Tuesday, June 21, 2011
Running through history
Yesterday I dropped off son #2 at a lacrosse recruiting camp at Gettysburg College. Since the middle of May, daughter and son have been either studying for exams, traveling to and from Richmond for lacrosse practice, or attending lacrosse tournaments and/or camps in Baltimore, Virginia Beach or Gettysburg. Mom has been either working, writing comments, or driving said children back and forth from their respective activities. And training has taken a well-timed back seat...but now it's time to get back at it!
After dropping off son #2 and making sure he and his roommate had plenty of Gatorade and water in the fridge, I was off. I had not run much in the month of June and was feeling itchy to do something new and cool...but I was also not psyched to run alone in the Catoctin Mountain woods or SNP on the way home...guess I just don't like looking over my shoulder for ax murderers or bears too much. But I was intrigued by the idea of running through the Gettysburg Battlefield (officially known as the "Gettysburg National Military Park") and was eager to get a history lesson along with my endorphin fix. I parked at the visitor's center, picked up a map, and noted the "trail" that wove in and out of the park---a horse trail used by the Gettysburg Equestrian Club and open to walkers and runners as well. Sweet!
Early on the the run I was overcome by the memorials to the various armies, infantries, and regiments.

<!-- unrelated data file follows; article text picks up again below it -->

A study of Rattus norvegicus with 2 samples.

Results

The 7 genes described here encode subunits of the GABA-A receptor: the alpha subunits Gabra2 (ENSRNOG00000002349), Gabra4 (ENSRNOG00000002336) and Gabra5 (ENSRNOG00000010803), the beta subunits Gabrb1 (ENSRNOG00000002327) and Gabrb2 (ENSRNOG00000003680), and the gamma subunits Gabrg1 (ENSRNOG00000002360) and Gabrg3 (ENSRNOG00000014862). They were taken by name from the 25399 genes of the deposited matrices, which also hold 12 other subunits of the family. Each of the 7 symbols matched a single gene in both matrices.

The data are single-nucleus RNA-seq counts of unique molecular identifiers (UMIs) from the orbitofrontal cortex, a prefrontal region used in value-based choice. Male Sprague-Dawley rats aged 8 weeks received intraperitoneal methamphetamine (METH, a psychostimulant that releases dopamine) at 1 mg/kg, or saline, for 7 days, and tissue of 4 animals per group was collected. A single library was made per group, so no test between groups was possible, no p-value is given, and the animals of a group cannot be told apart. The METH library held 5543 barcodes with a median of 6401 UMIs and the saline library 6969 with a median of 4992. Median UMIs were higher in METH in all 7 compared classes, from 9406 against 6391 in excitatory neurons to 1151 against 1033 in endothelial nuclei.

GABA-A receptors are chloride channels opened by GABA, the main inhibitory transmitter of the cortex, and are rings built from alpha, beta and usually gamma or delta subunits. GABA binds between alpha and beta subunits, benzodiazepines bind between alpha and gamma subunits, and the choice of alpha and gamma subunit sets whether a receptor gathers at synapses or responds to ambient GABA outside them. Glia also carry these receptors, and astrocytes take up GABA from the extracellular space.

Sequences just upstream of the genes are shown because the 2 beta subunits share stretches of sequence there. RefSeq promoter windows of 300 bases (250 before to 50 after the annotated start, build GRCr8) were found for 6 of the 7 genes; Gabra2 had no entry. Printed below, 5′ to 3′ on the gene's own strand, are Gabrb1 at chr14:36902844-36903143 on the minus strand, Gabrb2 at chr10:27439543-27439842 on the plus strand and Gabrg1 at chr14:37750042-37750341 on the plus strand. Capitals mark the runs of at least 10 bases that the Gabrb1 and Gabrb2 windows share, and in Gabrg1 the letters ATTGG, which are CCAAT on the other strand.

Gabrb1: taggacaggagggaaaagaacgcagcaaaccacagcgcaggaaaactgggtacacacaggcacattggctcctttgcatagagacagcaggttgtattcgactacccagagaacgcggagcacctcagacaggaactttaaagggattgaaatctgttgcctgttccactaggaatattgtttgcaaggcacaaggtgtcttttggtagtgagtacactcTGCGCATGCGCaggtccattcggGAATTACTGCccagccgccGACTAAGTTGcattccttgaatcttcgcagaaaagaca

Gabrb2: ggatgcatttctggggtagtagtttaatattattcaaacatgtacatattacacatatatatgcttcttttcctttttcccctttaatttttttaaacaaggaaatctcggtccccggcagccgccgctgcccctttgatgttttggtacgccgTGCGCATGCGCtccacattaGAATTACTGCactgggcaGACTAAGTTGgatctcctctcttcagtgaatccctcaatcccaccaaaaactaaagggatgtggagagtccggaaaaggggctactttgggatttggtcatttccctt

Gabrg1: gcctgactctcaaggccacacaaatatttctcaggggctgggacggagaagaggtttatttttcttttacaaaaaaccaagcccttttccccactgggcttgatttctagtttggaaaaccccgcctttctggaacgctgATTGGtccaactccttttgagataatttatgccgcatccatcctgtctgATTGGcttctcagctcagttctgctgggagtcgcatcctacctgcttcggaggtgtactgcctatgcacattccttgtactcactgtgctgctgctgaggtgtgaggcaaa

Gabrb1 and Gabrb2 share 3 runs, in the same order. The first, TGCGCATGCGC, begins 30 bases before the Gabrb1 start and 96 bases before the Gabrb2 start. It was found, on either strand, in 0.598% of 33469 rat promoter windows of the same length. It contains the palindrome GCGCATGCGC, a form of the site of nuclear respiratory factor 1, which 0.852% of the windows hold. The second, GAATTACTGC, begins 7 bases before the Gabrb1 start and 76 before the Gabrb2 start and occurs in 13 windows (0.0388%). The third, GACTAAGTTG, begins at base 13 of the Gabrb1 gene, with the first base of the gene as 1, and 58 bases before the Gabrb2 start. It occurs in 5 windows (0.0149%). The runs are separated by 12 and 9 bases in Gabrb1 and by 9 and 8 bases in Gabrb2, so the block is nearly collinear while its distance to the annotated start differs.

The weather was perfect---overcast, cool, and breezy. The gray sky added to the mystique of the day...I had heard about the "ghosts" of Gettysburg and it twas a bit spooky in places. The horse trail wound through fields and woods, and at one point passed a barn with a hole in the side of it---a hole caused by a Confederate cannon ball 150 years ago (according to the history marker in front). I ran by places with famous (to Civil War buffs) names such as Devils Den, Big Round Top, and Little Round Top. Nothing seems to have changed here, except for instead of tens of thousands of dead and wounded soldiers and animals, all that is left here are the (preserved) remains of houses and barns, many memorials, and the sound of the wind blowing across the fields.
I ran the entire horse trail loop in about two hours, and saw one runner and one equestrienne. Both were polite and friendly. When I got back to the visitor center, I was rather pleased with my choice: instead of worrying about ax murderers and bears, I had plenty of reminders of the brave young men who died a century and a half ago... and I never felt alone.